Film review: The Great Gatsby

Carey Mulligan and Leonardo DiCaprio in The Great Gatsby. Picture: Warner Bros
Carey Mulligan and Leonardo DiCaprio in The Great Gatsby. Picture: Warner Bros

The Great Gatsby (12A)

Directed by: Baz LuhrmanN

Starring: Leonardo Di Caprio, Tobey Maguire, Carey Mulligan, Joel Edgerton


Barely a scene goes by that isn’t colour-coordinated or composed with the aesthetic harmony of a Vogue fashion shoot. Gatsby’s mansion in particular provides a Xanadu-like setting of nouveau riche wonderment, “a theme-park ride” through a hedonistic world in which happiness is the elusive end point destined never to be reached. Luhrmann will likely raise the ire of Gatsby purists worried that he’s missed the point, but the nauseating effect of being bombarded with so much vacuous spectacle does, whether intentionally or not, reinforce the novel’s thematic preoccupations.

The larger problem is how to translate the poetry of Fitzgerald’s prose onto the big screen. Without it, the basic story of mysterious self-made millionaire Jay Gatsby (Leonardo DiCaprio) and his pursuit of idealised society girl Daisy Buchanan (Carey Mulligan) risks being reduced to a melodramatic tale of unrequited love. That’s perhaps why past attempts – particularly the soporific 1974 version – have been reluctant to give up Fitzgerald’s own framing device and have simply deployed the novel’s narrator, Nick Carraway, to deliver huge swathes of the book via voiceover.

Sadly, Luhrmann isn’t above doing this either. Turning Nick (Tobey Maguire) into an anxiety-ridden alcoholic who takes to writing about Gatsby while drying out in a sanatorium, the film makes us privy to the creation of the novel, with its most famous lines not only spoken aloud by Maguire but writ-large on the screen. It certainly helps distract from Maguire’s rather droning voice (which still has a trace of Peter Parker). Alas, it doesn’t quite solve the problem of how to make The Great Gatsby a cinematic story rather than faux literary one.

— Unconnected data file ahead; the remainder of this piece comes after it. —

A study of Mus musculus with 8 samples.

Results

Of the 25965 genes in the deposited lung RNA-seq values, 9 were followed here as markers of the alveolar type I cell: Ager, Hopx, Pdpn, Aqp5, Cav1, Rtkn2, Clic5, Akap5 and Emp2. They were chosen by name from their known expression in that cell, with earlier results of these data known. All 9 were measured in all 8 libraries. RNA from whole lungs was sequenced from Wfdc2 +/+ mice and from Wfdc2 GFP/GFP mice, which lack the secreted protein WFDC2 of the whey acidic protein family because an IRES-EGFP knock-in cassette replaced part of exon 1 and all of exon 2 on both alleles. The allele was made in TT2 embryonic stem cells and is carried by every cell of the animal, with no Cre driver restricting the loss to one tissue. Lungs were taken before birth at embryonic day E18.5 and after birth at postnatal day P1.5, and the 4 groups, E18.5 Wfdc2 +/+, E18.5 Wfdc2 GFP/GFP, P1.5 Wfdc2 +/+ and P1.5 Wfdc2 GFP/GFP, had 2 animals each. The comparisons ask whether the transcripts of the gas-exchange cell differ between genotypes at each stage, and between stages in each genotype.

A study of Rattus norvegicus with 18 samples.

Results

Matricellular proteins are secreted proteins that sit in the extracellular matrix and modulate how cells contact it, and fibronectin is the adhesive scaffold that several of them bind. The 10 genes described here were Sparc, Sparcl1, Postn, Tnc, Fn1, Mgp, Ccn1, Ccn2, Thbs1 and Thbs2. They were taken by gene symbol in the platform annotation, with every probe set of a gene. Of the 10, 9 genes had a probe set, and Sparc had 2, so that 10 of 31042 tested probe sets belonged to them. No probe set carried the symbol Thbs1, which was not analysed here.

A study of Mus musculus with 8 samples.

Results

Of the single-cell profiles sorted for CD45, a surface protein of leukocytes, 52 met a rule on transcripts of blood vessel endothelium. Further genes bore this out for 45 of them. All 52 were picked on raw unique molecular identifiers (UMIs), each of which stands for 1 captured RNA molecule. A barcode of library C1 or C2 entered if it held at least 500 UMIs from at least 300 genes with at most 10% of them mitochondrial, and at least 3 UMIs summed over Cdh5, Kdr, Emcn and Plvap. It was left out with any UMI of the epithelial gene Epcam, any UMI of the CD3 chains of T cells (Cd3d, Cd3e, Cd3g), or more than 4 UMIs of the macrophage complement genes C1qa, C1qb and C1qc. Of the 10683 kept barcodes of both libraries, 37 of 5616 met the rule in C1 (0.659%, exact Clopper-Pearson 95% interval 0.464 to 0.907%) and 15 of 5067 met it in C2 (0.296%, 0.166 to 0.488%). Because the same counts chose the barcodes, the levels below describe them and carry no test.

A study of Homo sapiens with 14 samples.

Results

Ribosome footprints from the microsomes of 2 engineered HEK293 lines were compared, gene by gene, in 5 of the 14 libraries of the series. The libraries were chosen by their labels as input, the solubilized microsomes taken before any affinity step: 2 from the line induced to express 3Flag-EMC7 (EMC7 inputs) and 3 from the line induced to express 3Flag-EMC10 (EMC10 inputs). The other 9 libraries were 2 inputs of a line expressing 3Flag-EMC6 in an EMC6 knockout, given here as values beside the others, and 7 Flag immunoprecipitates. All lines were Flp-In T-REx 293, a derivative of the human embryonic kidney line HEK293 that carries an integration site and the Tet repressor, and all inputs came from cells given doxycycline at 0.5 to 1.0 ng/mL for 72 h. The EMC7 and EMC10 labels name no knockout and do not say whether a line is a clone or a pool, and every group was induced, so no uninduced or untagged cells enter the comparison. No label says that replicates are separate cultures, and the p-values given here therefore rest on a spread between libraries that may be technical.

But maybe that’s just down to the paradoxical nature of trying to adapt a novel about the impossibility of escaping the past while attempting to create something anew. That’s the essence of Gatsby after all. He’s a character from humble beginnings, trying to shake off his own history for fear that it will tarnish the perfect future he’s trying to construct for himself. Luckily Luhrmann hasn’t tried to shake off his own past: casting Romeo + Juliet star Leonardo DiCaprio as Gatsby is probably the smartest thing he’s done with the film.

DiCaprio does make a fantastic Gatsby. In an audacious move, he’s first introduced against a backdrop of fireworks as George Gershwin’s Rhapsody in Blue swells up on soundtrack. In that one moment DiCaprio encapsulates all the charm, fear, heartache and delusion of a character so singularly driven to making his fantasies a reality that his overwhelming optimism blinds him – and briefly others – to the way the world really works.

It’s a good movie-star turn – full of charisma, but also nuanced enough to let us see the cracks appear in the character, first through Nick’s eyes, and then through Gatsby’s own as the details of his elaborately misconceived plan to win back Daisy (Carey Mulligan) start to reveal themselves. That’s not easy to pull off. The artifice involved in playing a character built entirely on artifice is a delicate operation, but DiCaprio does it brilliantly, whether it’s subtly fluctuating his accent as his jovial “old sport” greeting becomes an increasingly defensive signifier of his desperation to hide his old life, or the way he convincingly shows the momentary bliss Gatsby feels when he’s reunited with Daisy.

DiCaprio certainly looks more comfortable in the film’s exuberant setting than Maguire, who never quite manages to match his performance to the way Luhrmann frames him. That, however, may also be down to the decision to shoot in 3D, which, save for a few sweeping shots Gatsby’s parties, gives proceedings a weird pop-up-book look. It may add depth to a world that’s all surface, but it really just feels like one too many needless excesses in a film full already bursting with them.